I gave it another go at creating a sun tea using these leaves. Here ya go:
I used 2 tea balls, one that held, 1/2 full, about 3 tablespoons, the other 1/2 full held 2 tablespoon, into my 2.5 quart jug, and left it sitting in full sunlight for about 8-10 hours.
That ratio seemed to work pretty well. I got a nice, dark colored tea, with all the flavor I can expect from this tea brewed the traditional way with hot water. The fresh Earthy, nutty, woodsy aroma and flavor were all there, present and accounted for.
I prefer the longer brewing time to really pull all the flavor out, and I don’t mind a bit of bitterness getting into the mix. Shortening the steeping-in-the-sun time down to 4-6 hours might lighten up the flavor a bit, maybe I’ll try that next time.
Long story short, this basic white tea makes one hell of a great sun tea!
Experimented with using this for sun tea again. The last time I used a tea ball that was nowhere near big enough, and I still can’t find my old ginormous one. So, this time I used more leaves and just let them loose in the water. I decided to use more than I thought necessary, so I used 6 heaping tablespoons in my 2.5 quart jug.
It came out damn near perfection. This white tea makes one hell of a sun tea. Nice and light in flavor and feel, but still enough presence for flavor fans like myself.
And, of course, right when I brought it inside, I found the old ginormous tea ball. Next time!
At it again with this one. This has become a staple the last few months, but it was time to try something a little different with it. So, I upped the amount of leaves used in my Bodum Assam 32 oz tea press from 3 tablespoons (heaping, of course) to 4 and a pinch extra. I rinsed them before steeping, and let it steep for (ish) 2 minutes.
The result was a bigger, bolder white tea full of flavor. The nutty woodsy flavor jumps out much quicker, but it keeps that delicate, tranquil feel and dry, clean finish.
I was never very experienced with white teas before this one, I’m glad I bought extra to do some experimenting. I think I’m close to figuring it out!
Flavors: Earth, Nuts, Wood
Want to know what happens to a tasty, light white tea when you forget about it and let it steep for somewhere’s about 6-8 minutes? Well, I’ll tell you.
It still has that light, earthy aroma, but it’s more in your face bitter and bitey. The taste is also very similar to a properly steeped white tea, but with an added bite that feels like it could cut through teeth.
That being said, it is still very good. I do like a big, bold, bitey, bitter cup of tea now and then. And I do like to oversteep my white and green tea from time to time. Glad to know this one can take it and still come out with all the qualities it should have.
Crisp, clean, light aroma leads to a crisp, clean, nutty taste. Super bright, almost shiny in feel, while still bringing out that earthy, woodsy taste. So good!
I experimented this morning, using a little more leaves than I normally do, and only letting it steep for 1.5 minutes. I wanted to get the full flavor of this tea, and I think I really got it this time.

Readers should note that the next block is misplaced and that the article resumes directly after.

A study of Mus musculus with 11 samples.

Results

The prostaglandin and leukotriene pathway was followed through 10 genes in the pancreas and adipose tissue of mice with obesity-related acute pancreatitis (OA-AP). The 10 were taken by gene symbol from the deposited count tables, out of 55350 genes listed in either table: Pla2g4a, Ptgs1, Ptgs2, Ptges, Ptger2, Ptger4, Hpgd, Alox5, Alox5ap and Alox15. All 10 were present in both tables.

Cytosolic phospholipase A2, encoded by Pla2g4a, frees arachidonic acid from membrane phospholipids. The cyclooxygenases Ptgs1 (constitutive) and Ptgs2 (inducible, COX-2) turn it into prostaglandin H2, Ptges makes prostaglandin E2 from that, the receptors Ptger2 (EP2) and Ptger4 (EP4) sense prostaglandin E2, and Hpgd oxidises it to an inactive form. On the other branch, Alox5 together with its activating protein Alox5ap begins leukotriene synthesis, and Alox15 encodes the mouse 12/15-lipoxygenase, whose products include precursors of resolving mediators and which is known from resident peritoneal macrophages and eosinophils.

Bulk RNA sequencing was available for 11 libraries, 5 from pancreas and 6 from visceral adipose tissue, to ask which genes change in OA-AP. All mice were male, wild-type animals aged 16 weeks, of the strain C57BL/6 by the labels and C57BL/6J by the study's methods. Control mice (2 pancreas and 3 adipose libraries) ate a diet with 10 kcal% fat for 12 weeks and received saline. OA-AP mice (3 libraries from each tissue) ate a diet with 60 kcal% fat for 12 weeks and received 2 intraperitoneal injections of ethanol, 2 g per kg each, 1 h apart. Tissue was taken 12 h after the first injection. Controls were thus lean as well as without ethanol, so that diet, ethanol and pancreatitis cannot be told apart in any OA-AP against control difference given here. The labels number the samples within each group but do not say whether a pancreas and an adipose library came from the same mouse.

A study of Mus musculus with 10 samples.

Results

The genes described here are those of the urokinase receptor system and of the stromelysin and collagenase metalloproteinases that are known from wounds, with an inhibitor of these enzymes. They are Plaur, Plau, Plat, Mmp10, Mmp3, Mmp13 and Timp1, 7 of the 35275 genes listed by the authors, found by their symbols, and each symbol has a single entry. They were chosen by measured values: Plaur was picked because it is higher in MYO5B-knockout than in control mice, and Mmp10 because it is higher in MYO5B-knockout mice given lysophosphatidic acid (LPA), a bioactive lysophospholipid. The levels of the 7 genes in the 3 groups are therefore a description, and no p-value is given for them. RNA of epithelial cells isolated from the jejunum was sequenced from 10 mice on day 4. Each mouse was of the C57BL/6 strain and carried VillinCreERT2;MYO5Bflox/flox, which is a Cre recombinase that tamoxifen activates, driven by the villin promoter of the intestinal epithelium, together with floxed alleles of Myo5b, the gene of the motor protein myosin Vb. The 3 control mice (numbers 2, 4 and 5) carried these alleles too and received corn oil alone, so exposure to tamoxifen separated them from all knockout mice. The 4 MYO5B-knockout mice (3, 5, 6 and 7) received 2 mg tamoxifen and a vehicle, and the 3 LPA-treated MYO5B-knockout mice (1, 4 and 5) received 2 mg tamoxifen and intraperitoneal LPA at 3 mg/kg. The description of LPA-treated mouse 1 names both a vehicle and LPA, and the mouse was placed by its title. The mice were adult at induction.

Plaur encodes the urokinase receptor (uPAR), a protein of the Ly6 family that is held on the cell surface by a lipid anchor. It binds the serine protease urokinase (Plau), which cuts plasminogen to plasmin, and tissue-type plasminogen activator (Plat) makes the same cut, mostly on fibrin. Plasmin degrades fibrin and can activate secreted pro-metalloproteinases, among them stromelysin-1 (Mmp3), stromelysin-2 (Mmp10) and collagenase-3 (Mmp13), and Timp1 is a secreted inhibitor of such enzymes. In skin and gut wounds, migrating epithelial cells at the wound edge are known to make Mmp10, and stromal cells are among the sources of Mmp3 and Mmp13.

Flavors: Earth, Nutty, Wood
This review is specifically for a batch of sun tea I made with this tea.
I used a loose leaf tea pod into about 4 quarts of water. I’m going to have to adjust that next time, probably to use two tea pods. It still had that earthy, nutty, woodsy aroma and taste, but it just wasn’t a prominent as I like. This tea might also be to subtle and light to make a good sun tea.
I used it because I had a lot of it and wanted to just try. It’s still good, just not as bold as I like my sun teas.
1st steeping on the 2nd time through. Subtle earthy, nutty aroma. Nice, bright, woody taste. I let it steep a little longer this time, it went about 3-4 minutes. It got a bit more bitter, but nothing overwhelming or brew-ruining. It’s just a bit more bold. Great simple white tea!
Thank you to Joe at Happy Lucky’s Tea House for this taste!
Today I went for my regular Sunday Tea. Almost immediately after perching myself on a high barstool, a special bag of tea was whipped out from behind the bar by my grinning tea professional, Joe.
“Here it is, the 1982 Wenshan Baozhong I told you about,” said Joe.
“Heh, chimed in Eric, none of us were born when this was produced.”
(Which made me groan!)
“Really? Thanks!” I said, pretty excited to try a tea that old!
Instead of me bringing a tea for my friends to try, they had a special tea to share with me! An Oolong 30 years old from Taiwan!
Joe made sure that I was presented with the tea in a formal way for viewing at every stage of the process.
First, I looked at the long dark twisty leaves, some with a little green on the edges. I smelled them but they had little fragrance since they were so very old and dry, but they were lovely.
Next the tea was brewed in a Gaiwan and then poured into cups and the leaves placed in front of me so that I could smell the aroma. Whiskey, apple, tobacco, honey.
The fragrance of the wet leaves was unbelievable. Everything about the leaves was a symphony of shifting melodies.
The flavor was so delicate that as soon as I decided on one flavor it was gone and another took it’s place. Again another one was also elusive and gone. The flavor’s were moving around like sheets of silk on a breeze.
Plum, light colored jujube, honeysuckle, apricot, yellow delicious apple, yellow raisin, and always back to a mystery flavor or flavors that I could not figure out at all.
My friends had as much of a laugh at my delight in drinking this special tea as I have when I bring one to them.
This is what hospitality is truly all about!
Thank you Joe! http://flic.kr/p/d8Zvvs (Here’s Joe!)